Since 1990 over $65 billion (in 2020 dollars) has been spent on stadium construction in North America’s “Big Five” sports leagues, with over $30 billion coming from taxpayer subsidies. After public interest in building expensive sport facilities died down for about a decade following the Great Recession in 2008, stadium proposals have come roaring back in 2022, with multiple billion-dollar plus venues on the drawing board across the country, from Buffalo to Oakland.
Stadium proponents have made numerous arguments to attempt to counter the idea that taxpayer subsidies are merely a giveaway to millionaire players and billionaire owners. One of the most common is that sport facilities are not merely home for the primary sport tenant but instead can be used to host an array of events. The operators of Chicago’s Soldier Field claim that “the stadium grounds now host over 200 event usage days per year.” Officials in Worcester claimed that Polar Park, the country’s newest (and at $160 million the most expensive) minor league baseball park, “is anticipated to host 125 year-round events” including family affordable baseball games, outdoor concerts, other sporting events, community meetings/events and even a potential polling location. But do professional sports stadiums really get much business outside of the sports they are built to accommodate?
To answer this question, my colleagues Robert Baumann, Frank Stephenson and I, along with undergraduate research assistants Robert Murray and Jack Muldowney, tracked facility utilization at 148 venues across 56 cities in the U.S. and Canada between 2000 and 2019. We started with the number of regular season events one would normally expect from the primary tenant at a venue. Obviously, a reasonable number of NBA and NHL teams share facilities, and there are a handful of other sharing arrangements that would bump up utilization in some venues. To this we added the number of observed home playoff games per year for each stadium.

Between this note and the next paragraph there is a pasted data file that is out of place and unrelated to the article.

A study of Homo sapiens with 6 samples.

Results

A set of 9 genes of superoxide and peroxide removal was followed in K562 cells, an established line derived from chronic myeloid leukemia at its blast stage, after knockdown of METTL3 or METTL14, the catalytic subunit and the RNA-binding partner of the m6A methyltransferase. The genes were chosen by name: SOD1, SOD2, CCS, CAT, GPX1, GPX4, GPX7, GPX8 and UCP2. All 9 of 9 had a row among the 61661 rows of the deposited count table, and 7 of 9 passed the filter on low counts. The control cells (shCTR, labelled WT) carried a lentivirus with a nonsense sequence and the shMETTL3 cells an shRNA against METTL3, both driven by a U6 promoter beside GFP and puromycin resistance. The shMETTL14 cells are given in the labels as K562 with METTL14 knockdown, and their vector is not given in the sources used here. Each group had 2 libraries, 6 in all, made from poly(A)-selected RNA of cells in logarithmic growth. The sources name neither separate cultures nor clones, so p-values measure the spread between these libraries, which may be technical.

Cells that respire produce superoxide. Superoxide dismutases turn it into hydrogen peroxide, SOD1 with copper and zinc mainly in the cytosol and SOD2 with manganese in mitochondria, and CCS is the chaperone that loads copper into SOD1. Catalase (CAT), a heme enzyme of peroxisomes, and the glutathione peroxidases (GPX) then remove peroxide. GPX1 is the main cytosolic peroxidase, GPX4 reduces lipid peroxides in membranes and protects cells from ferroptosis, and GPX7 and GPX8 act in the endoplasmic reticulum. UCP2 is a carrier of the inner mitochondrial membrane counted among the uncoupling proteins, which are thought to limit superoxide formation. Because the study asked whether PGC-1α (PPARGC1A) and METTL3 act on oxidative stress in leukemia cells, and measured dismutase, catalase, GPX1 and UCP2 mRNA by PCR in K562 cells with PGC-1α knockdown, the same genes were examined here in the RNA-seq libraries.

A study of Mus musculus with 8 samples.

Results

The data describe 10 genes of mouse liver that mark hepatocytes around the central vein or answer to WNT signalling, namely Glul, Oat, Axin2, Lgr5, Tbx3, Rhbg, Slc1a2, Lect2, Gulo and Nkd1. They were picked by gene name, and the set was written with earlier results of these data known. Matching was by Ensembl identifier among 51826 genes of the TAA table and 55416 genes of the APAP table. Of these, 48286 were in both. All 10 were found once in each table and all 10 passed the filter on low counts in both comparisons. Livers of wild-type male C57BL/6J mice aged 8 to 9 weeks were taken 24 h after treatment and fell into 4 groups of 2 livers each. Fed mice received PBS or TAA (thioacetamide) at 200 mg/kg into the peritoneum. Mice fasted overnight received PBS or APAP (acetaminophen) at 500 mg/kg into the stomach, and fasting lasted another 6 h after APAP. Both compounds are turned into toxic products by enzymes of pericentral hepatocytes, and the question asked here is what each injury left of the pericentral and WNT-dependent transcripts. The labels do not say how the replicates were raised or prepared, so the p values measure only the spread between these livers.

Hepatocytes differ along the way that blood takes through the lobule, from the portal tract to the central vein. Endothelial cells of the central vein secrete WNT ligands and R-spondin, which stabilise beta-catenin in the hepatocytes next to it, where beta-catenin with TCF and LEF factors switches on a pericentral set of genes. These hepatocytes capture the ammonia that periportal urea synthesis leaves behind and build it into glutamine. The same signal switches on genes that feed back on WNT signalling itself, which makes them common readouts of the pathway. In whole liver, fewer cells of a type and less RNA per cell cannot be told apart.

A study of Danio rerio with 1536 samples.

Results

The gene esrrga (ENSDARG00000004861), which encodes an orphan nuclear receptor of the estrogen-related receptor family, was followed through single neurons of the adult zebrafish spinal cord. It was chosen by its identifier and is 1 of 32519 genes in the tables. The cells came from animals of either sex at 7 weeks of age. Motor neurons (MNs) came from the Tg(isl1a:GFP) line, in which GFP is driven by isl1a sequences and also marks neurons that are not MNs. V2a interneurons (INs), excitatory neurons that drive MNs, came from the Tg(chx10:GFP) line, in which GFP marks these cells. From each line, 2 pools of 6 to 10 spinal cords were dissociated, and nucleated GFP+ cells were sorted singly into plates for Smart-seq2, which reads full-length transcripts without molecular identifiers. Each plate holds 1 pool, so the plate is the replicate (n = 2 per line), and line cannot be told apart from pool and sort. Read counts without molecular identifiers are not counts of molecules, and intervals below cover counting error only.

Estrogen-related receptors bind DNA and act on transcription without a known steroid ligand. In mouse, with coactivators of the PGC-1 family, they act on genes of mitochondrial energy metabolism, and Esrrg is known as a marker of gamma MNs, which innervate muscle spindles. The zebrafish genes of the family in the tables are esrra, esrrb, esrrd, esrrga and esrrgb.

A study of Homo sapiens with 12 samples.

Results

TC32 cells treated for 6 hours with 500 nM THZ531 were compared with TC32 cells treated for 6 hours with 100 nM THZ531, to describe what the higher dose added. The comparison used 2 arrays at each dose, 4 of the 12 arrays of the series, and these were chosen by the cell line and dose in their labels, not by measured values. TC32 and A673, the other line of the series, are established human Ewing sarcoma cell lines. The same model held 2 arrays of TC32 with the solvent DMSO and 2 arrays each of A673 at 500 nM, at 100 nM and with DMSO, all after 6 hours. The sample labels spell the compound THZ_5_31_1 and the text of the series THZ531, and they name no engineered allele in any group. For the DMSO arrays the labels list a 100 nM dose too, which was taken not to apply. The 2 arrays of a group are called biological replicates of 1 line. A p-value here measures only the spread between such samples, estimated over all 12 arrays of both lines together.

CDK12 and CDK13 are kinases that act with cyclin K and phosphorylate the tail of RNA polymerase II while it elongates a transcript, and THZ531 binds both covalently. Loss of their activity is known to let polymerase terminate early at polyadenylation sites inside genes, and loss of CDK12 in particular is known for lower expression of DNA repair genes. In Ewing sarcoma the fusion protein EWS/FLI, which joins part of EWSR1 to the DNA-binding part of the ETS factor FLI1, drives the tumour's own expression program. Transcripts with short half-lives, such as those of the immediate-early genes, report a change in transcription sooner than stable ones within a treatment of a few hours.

Next we went to Pollstar, an industry trade group that tracks all major concerts and other traveling entertainment such as ice skating, children’s shows, comedians and Cirque du Soleil. Finally, we included major non-league sporting events such as U.S. men’s and women’s national soccer team matches, NCAA basketball playoffs, college bowl games, international soccer tournaments and league all-star games. The counts here are not complete, as they miss some international soccer friendlies and most high school sporting events, but they do include nearly all events likely to lead to high attendances.
The data show that other than NBA/NHL arenas, most sports venues are rarely used outside of regular-season games. In fact, in an average year the typical NFL, MLB, or MLS facility plays host to fewer than five major entertainment or sporting events other than regular season games played by the primary tenant. Outside of “mega-acts” like Taylor Swift or Bruce Springsteen, NFL stadiums are simply too large for most concert acts. Baseball stadiums are poorly designed for viewing anything but baseball. And MLS stadiums are a poor choice for most non-soccer events given the availability of similarly-sized indoor venues in most cities. So, outside of large indoor arenas, taxpayers should expect their sport-facility investments to sit empty most of the year.
Victor Matheson, a professor of economics at College of the Holy Cross, is past editor of the Journal of Sports Economics.